A Bird’s Tale

Top 5 Reasons to Love Birds

Wed, 08/11/2021 - 10:00am

Birds are among the most popular and beloved of wild animals. Sure, moose are majestic. Deer are popular to different groups of people for different reasons. Some people find foxes beautiful (or at least the kits cute). Some love skunks—one of our good friends and Cornell colleagues once raised an orphaned one. Generally speaking, insects are not going to rank high in the favorite critters category (well…maybe butterflies). And spiders? For most people, you may well just say “mouse” or “snake” and watch them run.

Birds, on the other hand, are undeniably fascinating to the vast majority of people. There’s good reason why there are enough bird enthusiasts in the U.S. alone to support a multi-billion-dollar birdseed and bird feeder industry. Studies by the U.S. government have found that there are 40-50 million people in the U.S. who say they watch birds either in their backyards or at other locations. For evidence, take a walk around the average suburban neighborhood and count how many homes have bird feeders, bird houses, or bird baths. You’ll be amazed at how prevalent they are.

Of course, we have our own informal gauge of the number of people who are interested in birds. At any gathering where people know we know something about birds, we are peppered with questions about them. Case in point: last week’s column. In fact, even as we’re working on this piece, we’ve just responded to a question from a reader of this column!  

Why are birds so popular?

Here are the five top reasons why, in our opinion, people are so intrigued by birds.

5) Birds Do Interesting Things
Billions of birds do one of the most mind-blowing things on the planet: They travel thousands of miles each fall and spring in migration, which in itself is astounding. But they also arrive back at the same places across the hemisphere year after year! Some birds have elaborate, even bizarre (to us), courtship displays—the drumming of the ruffed grouse, the sky dance of the American woodcock, or the elaborate, mind-blowing bowers of the bowerbird (Google it sometime!). They build nests—have you ever stopped to look closely at those miraculous little cups during a mid-winter walk when you see an old nest in a bare bush? We bet you have! Birds are so interesting that ornithologists have barely scratched the surface of bird behavior.  

4) Birds Are Colorful
We humans love bright colors—especially the vibrant colorful plumages of birds. Few people are unmoved by the sight of a bright red male cardinal, especially as we see them in Maine against the stark white of a snow-covered landscape. Eye-popping orange Baltimore orioles, deep blue indigo buntings, and all the yellows, oranges, reds, and blues of warblers are a constant feast for the eyes. No wonder that so many birds are named for their colors: blue jay, indigo bunting, yellow warbler, cerulean warbler, for example.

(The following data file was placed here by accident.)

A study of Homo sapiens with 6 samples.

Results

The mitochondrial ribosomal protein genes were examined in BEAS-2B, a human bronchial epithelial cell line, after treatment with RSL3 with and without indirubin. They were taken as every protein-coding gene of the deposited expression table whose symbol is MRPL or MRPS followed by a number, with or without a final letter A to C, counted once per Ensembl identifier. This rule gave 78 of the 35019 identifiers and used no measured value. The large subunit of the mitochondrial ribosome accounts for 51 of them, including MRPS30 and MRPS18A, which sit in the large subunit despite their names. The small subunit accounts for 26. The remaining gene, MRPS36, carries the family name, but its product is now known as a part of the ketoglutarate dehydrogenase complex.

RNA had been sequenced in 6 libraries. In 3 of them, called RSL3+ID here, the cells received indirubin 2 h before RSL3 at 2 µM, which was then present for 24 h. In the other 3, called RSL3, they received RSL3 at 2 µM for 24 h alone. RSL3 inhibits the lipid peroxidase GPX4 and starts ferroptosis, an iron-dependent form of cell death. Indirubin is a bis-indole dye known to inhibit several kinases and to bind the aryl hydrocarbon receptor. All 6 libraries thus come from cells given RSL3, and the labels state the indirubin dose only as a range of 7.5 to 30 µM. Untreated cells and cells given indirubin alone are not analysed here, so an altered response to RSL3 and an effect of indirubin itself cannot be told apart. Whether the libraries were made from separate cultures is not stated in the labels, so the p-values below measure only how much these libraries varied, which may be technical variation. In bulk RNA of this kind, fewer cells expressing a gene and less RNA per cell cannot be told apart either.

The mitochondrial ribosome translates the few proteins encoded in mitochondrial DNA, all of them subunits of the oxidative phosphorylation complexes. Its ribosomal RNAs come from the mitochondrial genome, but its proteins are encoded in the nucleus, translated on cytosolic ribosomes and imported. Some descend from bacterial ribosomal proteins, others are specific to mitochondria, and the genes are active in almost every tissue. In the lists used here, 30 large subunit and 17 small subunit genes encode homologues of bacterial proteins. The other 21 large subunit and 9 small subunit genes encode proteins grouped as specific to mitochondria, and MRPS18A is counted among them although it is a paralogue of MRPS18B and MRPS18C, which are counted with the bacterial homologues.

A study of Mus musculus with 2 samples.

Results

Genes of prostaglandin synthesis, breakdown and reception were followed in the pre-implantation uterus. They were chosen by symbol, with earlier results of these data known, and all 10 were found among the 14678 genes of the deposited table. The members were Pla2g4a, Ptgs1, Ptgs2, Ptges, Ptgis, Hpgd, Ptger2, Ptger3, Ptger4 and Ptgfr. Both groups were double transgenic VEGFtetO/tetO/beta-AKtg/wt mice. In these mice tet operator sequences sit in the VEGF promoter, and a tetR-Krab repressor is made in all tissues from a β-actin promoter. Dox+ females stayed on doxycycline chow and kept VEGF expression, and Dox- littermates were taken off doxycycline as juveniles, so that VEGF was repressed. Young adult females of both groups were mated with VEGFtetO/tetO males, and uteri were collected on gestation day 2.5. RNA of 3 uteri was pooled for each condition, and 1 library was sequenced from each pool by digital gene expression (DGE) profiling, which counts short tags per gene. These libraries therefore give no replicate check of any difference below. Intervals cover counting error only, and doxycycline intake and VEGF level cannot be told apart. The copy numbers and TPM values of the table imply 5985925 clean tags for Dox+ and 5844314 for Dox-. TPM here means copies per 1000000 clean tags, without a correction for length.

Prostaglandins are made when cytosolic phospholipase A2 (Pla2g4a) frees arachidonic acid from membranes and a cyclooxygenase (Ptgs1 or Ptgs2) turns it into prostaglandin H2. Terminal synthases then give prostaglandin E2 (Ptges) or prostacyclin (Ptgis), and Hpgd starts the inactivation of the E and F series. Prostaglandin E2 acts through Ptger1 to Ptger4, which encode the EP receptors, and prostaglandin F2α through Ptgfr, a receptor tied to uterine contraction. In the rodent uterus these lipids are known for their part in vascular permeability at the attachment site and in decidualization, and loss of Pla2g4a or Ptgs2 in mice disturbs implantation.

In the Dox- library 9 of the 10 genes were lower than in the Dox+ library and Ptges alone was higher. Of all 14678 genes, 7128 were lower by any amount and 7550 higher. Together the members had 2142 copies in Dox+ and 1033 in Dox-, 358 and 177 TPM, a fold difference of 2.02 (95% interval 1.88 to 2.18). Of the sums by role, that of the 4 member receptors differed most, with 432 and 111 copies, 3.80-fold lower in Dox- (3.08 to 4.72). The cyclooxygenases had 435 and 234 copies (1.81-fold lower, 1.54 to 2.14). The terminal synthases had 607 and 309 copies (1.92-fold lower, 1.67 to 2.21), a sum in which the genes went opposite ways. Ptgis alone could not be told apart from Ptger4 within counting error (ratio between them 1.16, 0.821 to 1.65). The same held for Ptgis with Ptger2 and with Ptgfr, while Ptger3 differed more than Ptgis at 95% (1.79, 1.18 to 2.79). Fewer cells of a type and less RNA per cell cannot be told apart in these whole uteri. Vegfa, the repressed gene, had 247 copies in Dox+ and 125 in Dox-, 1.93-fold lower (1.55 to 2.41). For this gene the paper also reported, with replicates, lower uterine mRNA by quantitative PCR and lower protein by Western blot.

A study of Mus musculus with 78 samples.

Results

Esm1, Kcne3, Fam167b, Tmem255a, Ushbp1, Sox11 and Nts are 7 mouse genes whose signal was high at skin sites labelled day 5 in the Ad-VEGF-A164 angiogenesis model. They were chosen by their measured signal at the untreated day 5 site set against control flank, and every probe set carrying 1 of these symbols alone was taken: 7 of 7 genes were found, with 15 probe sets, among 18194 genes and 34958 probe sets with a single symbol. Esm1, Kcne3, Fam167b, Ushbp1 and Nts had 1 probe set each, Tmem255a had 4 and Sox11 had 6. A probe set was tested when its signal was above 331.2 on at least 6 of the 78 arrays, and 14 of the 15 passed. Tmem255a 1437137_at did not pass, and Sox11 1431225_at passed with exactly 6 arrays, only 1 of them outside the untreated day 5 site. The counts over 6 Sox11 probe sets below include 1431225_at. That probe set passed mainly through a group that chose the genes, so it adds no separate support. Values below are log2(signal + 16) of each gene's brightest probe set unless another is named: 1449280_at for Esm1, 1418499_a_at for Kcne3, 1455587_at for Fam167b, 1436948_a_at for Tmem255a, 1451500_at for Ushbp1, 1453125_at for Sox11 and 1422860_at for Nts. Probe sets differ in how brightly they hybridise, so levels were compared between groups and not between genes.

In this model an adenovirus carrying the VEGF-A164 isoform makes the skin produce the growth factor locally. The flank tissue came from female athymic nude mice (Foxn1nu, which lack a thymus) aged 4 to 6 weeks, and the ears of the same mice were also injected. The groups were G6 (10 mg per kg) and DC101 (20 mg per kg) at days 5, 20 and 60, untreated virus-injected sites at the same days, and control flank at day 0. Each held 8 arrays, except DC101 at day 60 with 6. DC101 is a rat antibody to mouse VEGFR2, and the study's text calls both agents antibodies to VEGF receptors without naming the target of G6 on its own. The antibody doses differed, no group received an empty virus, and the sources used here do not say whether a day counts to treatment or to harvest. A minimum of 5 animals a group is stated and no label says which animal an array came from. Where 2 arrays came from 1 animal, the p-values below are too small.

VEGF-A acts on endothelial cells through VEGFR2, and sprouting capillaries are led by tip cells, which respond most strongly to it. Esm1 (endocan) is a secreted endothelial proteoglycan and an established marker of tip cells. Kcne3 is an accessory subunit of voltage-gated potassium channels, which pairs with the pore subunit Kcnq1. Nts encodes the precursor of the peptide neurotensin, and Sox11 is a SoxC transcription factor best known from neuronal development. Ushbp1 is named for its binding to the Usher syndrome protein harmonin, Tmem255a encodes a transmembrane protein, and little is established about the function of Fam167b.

3)  Birds Make Beautiful Sounds
Just as we enjoy their colors, we humans revel in our enjoyment of the songs and calls of birds. Some are recognizable to just about everyone—the yelping cry of a gull, the echoing yodel of a loon, the cooing of a pigeon, the hoarse “caw” of a crow, the loud “cheer-cheer-cheer” of the cardinal. Some bird songs provide the background sound of summer even if a person doesn’t know the identity of the singer. The whistled “Old Sam Peabody, Peabody, Peabody” is familiar song across much of Maine even though there are many who don’t know that it is the singer is a white-throated sparrow.

3) Birds Are Easy to See
Sure, there are some birds for which this isn’t true, but most are visible to the naked eye, if you are paying attention. Everybody, it seems, knows and loves great blue herons (see our recent column. Ditto for egrets, eagles, hawks, and gulls (OK, but gulls are at least recognized!). A great many smaller birds also don’t particularly try to conceal their presence and in fact live easily among people—robins, pigeons, mourning doves, song sparrows, chickadees, starlings. Others come obligingly to bird feeders where we can easily see them, including even birds like woodpeckers and finches

1) Birds Are Everywhere!
Downtown New York City. Dallas suburbs. Rural farmlands of the County. Even thousands of miles out to sea—birds live there. They live In every place in the world. You can look out the window of any building large, small, tall, or short, and you will be able to see birds. This is because there are so many species of birds—450+ in Maine, 950+ in the U.S., 10,000+ in the world—and, just like the places they live, each one is different from the next.

If only we had more space. Our list is just getting started!

Jeffrey V. Wells, Ph.D., is a Fellow of the Cornell Lab of Ornithology and Vice President of Boreal Conservation for National Audubon. Dr. Wells is one of the nation's leading bird experts and conservation biologists and author of the “Birder’s Conservation Handbook.” His grandfather, the late John Chase, was a columnist for the Boothbay Register for many years. Allison Childs Wells, formerly of the Cornell Lab of Ornithology, is a senior director at the Natural Resources Council of Maine, a nonprofit membership organization working statewide to protect the nature of Maine. Both are widely published natural history writers and are the authors of the popular books, “Maine’s Favorite Birds” (Tilbury House) and “Birds of Aruba, Bonaire, and Curaçao: A Site and Field Guide,” (Cornell University Press).